The Mai Tai is one of the most famous Tiki drinks in the world. Composed of rum, orange curaçao, fresh lime juice and orgeat (a nuanced almond syrup), it’s held sway over cocktail enthusiasts and Tiki aficionados for decades. It even enjoyed a star turn in the Elvis film “Blue Hawaii.”
Victor “Trader Vic” Bergeron is often credited with inventing the drink at his Trader Vic’s bar in the 1940s, though it’s likely that Donn Beach laid the groundwork for the famous recipe during the 1930s at his Don the Beachcomber bar. The original Trader Vic’s recipe featured Jamaica’s J. Wray & Nephew rum. Once Bergeron ran out of his supply, he moved to blending rums in an attempt to create a similar flavor profile.
While the Mai Tai was created as a way to showcase the flavors of good-quality rum, it took a wrong turn over the decades as bartenders employed bottled juices and mixers. Those yielded neon-colored or overly sweet cocktails. Fortunately, a renewed interest in Tiki cocktails has returned the Mai Tai to prominence as a fresh, balanced, rum-forward cocktail.
Today’s bartenders continue the tradition of blending rums, aiming to find the optimal combination of flavor, depth and complexity. Some barkeeps utilize a crisp white rum alongside a dark overproof rum. Others play with high-ester Jamaican rums and grassy rhum agricole. There isn’t one right answer, but it’s helpful to consider four traits when creating your own rum blend: ABV, age, production methods and the raw materials used to make the rum. Find harmony in the details, and you might create the next great Mai Tai.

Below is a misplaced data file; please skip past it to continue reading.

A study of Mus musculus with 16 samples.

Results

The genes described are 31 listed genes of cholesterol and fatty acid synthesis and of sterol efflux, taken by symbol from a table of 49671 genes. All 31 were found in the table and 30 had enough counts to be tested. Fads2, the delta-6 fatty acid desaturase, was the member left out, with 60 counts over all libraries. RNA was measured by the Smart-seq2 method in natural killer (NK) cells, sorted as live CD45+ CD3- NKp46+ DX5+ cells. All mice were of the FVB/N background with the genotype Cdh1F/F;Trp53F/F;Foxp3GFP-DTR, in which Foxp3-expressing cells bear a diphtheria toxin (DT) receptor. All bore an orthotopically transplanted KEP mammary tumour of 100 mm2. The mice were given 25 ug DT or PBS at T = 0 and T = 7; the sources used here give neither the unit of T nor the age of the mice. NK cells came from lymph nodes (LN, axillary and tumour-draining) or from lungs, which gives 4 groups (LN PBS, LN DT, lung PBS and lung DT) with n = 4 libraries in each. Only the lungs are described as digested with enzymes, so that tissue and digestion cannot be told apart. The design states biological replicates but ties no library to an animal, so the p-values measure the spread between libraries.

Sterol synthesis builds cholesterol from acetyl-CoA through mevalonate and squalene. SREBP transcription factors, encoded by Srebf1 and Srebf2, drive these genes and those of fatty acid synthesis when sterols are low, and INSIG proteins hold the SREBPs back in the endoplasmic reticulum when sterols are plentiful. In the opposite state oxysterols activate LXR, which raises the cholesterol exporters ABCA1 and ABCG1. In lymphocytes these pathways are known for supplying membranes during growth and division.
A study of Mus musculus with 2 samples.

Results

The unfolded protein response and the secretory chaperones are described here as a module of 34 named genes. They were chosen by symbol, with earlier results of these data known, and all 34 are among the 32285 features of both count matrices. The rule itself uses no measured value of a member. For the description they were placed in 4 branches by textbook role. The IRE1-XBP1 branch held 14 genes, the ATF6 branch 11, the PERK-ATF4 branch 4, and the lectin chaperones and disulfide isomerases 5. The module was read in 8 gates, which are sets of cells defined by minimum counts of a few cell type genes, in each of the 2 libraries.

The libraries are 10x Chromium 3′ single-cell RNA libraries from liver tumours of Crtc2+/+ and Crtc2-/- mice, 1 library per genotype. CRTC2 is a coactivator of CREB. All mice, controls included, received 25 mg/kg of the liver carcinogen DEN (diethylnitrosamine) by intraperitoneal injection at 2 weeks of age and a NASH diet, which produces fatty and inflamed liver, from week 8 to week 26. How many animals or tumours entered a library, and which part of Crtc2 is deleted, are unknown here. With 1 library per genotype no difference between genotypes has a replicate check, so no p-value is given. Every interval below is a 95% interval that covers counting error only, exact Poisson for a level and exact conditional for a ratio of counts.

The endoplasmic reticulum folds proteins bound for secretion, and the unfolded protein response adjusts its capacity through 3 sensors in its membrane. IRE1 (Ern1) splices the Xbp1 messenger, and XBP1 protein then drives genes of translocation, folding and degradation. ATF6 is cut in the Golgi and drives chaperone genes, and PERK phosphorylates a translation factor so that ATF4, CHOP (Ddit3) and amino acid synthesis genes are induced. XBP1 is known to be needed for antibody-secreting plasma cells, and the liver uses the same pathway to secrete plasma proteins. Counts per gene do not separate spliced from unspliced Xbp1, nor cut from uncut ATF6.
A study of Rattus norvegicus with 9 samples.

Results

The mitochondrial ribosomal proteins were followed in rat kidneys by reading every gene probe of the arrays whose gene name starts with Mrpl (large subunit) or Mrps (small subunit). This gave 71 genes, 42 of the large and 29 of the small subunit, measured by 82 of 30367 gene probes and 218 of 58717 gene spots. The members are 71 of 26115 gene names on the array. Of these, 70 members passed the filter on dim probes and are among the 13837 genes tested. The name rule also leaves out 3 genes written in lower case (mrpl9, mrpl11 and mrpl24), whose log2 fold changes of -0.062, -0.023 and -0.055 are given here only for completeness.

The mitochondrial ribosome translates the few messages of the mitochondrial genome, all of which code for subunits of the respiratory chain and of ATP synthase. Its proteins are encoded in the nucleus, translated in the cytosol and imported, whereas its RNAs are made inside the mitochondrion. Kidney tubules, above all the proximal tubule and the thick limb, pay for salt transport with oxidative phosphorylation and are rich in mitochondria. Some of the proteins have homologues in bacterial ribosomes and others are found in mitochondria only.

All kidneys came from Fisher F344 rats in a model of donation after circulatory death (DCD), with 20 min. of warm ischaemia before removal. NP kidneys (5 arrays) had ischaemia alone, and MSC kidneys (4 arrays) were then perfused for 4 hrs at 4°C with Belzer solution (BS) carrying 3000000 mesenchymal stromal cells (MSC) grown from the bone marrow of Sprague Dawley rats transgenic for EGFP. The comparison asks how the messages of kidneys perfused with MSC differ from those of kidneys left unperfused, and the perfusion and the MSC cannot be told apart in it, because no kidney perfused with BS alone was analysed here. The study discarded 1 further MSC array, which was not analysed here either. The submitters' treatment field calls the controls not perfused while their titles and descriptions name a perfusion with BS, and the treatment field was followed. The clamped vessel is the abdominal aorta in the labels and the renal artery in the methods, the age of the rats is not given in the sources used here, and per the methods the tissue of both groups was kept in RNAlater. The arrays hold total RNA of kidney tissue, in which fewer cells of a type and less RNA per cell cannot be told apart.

Once the drink is shaken and served over ice (crushed is best), it’s time for the garnish. Go wild, if you’re feeling creative. Some Mai Tais feature everything from pineapple wedges to cherries on top. But if you’d like to keep the presentation cool and classic, a lime wheel and mint spring are a fine choice.
And as for the name: Supposedly, the first person to try the cocktail was said to cry out “Mai Tai!” which means “the best—out of this world” in Tahitian.
Click Play to See This Mai Tai Recipe Come Together
- 1 1/2 ounces white rum
- 3/4 ounce orange curaçao
- 3/4 ounce lime juice, freshly squeezed
- 1/2 ounce orgeat
- 1/2 ounce dark rum
- Garnish: lime wheel
- Garnish: mint sprig
Add the white rum, curaçao, lime juice and orgeat into a shaker with crushed ice and shake lightly (about 3 seconds).
Pour into a double rocks glass.
Float the dark rum over the top.
Garnish with a lime wheel and mint sprig.